Oklahoma City-based Chesapeake, the nation’s second-largest gas producer behind Exxon Mobil (XOM), said the deal is valued at around $1 billion and brings its year-to-date asset sales to about $3.6 billion.
Chesapeake has said it was looking to sell between $4 billion and $7 billion in assets this year to fill the gap between its cash flow and planned spending. The company has long-term debt of $13.4 billion and a $3.5 billion funding gap this year.
On Wednesday, Chief Executive Doug Lawler said the latest deal will allow the company to fully find its 2013 capital spending budget.
“Additional asset sales contemplated for later this year may reduce long-term debt and further enhance our financial liquidity,” he said in a statement.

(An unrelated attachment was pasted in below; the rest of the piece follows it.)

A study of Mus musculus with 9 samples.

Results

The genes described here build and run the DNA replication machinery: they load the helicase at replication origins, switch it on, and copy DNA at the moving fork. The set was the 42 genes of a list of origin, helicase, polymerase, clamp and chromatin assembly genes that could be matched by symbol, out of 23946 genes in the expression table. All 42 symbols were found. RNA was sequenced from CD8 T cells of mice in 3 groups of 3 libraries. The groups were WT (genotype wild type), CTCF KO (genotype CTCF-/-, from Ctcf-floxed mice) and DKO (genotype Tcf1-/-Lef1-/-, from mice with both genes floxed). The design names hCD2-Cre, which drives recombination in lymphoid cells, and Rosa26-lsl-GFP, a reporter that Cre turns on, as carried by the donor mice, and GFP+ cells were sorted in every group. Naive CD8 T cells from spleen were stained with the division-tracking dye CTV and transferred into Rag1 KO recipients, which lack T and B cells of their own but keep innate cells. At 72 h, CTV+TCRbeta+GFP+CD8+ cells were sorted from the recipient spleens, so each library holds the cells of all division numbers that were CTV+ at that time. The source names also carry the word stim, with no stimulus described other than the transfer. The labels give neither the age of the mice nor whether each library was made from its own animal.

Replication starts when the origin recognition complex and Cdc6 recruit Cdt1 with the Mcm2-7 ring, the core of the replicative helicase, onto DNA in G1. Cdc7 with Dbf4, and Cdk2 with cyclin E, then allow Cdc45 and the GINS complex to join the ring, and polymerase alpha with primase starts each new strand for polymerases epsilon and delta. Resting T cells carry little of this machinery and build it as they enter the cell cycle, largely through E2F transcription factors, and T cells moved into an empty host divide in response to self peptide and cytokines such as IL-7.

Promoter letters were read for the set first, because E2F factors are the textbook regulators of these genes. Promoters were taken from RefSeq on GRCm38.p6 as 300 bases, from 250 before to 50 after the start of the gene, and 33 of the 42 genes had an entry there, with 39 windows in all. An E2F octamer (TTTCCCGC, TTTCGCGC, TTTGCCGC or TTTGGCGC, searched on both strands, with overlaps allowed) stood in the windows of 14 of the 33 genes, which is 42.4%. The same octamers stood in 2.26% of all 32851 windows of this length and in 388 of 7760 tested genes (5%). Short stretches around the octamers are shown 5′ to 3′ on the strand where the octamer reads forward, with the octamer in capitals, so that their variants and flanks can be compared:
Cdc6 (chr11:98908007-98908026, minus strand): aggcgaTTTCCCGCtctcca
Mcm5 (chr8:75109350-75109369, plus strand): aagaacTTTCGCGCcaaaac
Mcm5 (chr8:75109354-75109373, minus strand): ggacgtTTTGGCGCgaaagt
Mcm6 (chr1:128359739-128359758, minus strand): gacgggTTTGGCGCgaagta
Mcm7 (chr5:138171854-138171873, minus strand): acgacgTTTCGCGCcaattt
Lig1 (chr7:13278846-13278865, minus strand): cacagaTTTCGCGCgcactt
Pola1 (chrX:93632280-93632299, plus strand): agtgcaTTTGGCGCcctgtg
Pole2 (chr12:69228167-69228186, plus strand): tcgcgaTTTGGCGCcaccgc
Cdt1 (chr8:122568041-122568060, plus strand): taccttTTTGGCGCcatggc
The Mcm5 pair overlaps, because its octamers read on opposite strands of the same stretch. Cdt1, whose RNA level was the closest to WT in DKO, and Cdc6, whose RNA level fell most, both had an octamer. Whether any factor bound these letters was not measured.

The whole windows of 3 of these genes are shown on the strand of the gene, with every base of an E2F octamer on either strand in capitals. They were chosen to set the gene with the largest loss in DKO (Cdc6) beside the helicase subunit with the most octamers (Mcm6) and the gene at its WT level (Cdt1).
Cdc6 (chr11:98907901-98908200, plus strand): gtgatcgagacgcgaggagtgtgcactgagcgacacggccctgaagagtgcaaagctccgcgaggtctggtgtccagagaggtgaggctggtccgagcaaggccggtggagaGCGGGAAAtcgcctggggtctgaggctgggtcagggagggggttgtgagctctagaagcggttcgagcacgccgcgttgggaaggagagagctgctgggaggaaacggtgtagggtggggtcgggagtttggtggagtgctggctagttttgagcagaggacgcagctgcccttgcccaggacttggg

Exco will receive 55,000 net acres in the Northern Eagle Ford shale, including 120 producing wells in Texas. Those wells averaged about 6,100 barrels of oil equivalent in May.
The company will also acquire Chesapeake’s interests in about 9,600 net acres in the Haynesville shale, which spans Louisiana, Texas and Arkansas. The Haynesville assets, which include 11 units operated by Chesapeake and 42 units operated by Exco, reported average daily production of about 114 million cubic feet of natural gas equivalent in May.
Chesapeake noted that the impact of its asset sales on net production and capital expenditures was reflected in its May 1 outlook.
Shares of Chesapeake were up three cents at $20.95 in pre-market trading. Exco shares closed Tuesday at $7.44 and were inactive pre-market.